With June 30th just one month away, your business may be feeling pressure to upgrade from Windows XP to Windows Vista. But don't panic if you're not ready. Three of the world's largest PC manufacturers have announced that they will continue support for Windows XP on new PCs when customers exercise their Windows Vista downgrade rights. The best part of the downgrade process is that when you're ready to move to Windows Vista, you have already purchased the license for it. So the upgrade should be "free." And why is Microsoft allowing this? Because machines shipping after a Windows Vista downgrade (hence, with Windows XP) still count as shipped Windows Vista licenses, which allows Microsoft to continue touting how well Vista is selling.
Here's a quick guide to the Windows Vista downgrade process by PC manufacturer for all of the businesses that aren't yet ready for Windows Vista.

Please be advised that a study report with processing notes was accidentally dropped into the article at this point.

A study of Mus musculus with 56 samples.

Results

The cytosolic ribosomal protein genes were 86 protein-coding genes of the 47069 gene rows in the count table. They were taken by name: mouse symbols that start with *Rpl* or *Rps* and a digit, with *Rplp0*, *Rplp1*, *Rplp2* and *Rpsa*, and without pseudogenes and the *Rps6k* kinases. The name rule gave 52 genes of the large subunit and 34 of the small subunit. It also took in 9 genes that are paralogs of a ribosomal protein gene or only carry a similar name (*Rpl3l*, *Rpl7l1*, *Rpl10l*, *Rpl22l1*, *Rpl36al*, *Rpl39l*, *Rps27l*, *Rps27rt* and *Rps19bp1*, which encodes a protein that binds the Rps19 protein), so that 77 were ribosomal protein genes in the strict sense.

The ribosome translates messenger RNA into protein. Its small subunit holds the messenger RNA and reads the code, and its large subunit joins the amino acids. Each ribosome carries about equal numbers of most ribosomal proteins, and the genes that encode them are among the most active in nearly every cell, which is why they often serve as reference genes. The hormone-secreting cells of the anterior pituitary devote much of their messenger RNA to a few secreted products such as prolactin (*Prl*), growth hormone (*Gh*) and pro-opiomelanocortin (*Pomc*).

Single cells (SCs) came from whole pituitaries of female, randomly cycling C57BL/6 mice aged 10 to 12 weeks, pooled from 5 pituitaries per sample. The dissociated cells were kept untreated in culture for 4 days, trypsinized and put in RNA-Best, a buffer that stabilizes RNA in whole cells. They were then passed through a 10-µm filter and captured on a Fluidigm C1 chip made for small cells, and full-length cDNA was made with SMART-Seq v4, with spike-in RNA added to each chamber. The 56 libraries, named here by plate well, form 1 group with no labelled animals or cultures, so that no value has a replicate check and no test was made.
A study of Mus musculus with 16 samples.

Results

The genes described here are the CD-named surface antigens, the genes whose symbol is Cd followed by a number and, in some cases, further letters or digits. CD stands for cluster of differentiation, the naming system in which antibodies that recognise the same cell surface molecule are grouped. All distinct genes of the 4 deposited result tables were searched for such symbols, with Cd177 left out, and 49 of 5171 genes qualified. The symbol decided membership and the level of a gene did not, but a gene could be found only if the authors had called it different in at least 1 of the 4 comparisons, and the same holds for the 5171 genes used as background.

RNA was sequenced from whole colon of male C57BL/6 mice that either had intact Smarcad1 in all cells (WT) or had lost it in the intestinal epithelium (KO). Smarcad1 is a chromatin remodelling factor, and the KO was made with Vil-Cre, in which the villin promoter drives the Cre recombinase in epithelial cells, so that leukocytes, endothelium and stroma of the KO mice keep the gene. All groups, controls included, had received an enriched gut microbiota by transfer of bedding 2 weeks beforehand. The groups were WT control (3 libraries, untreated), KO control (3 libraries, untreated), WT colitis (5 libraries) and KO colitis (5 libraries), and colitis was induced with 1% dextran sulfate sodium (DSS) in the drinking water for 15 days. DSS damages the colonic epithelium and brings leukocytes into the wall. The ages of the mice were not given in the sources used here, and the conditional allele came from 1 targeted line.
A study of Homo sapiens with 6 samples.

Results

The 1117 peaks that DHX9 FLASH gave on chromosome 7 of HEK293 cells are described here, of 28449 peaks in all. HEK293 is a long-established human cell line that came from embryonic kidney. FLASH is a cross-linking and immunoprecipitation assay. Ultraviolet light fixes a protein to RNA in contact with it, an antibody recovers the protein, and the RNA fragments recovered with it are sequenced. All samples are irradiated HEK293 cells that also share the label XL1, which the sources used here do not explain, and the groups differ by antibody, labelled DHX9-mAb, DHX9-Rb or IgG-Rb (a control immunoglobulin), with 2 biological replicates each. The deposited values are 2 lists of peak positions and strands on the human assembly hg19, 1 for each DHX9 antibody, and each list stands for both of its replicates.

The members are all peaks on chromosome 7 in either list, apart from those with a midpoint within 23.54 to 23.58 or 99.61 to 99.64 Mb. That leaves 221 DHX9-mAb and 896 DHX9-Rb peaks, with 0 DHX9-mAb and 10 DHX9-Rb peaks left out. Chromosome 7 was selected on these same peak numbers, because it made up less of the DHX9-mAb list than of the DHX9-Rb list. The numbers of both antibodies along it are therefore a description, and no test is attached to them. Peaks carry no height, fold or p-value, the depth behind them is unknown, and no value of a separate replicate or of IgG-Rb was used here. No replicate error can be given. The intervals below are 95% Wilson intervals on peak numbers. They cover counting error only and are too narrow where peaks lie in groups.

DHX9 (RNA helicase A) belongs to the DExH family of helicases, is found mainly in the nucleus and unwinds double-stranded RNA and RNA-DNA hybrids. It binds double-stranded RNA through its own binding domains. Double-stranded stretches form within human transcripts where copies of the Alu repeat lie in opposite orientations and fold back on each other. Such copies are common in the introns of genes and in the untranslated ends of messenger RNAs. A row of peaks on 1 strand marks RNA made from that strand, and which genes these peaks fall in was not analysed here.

The last of the service packs for Windows XP (SP3) was released to manufacturing last month and to the Web on May 6 after a delay to fix compatibility with Dynamics Retail Management System (RMS). SP3 contains the usual rollup of all the fixes and patches along with several (mainly security) enhancements including black hole router detection and network access protection (NAP). Don’t expect any new features or new versions of Internet Explorer or Media Player, however, given that Microsoft has turned its focus to Windows Vista and subsequently "Windows 7."
As with any SP release, the Microsoft support forums were immediately flooded with some irate consumers. The most consistent complaint was of endless reboot cycles on AMD-powered machines. This error was quickly traced back to mistakes made on the part of HP that have still not been resolved. However, the majority of consumers and businesses alike should expect a non-event in upgrading.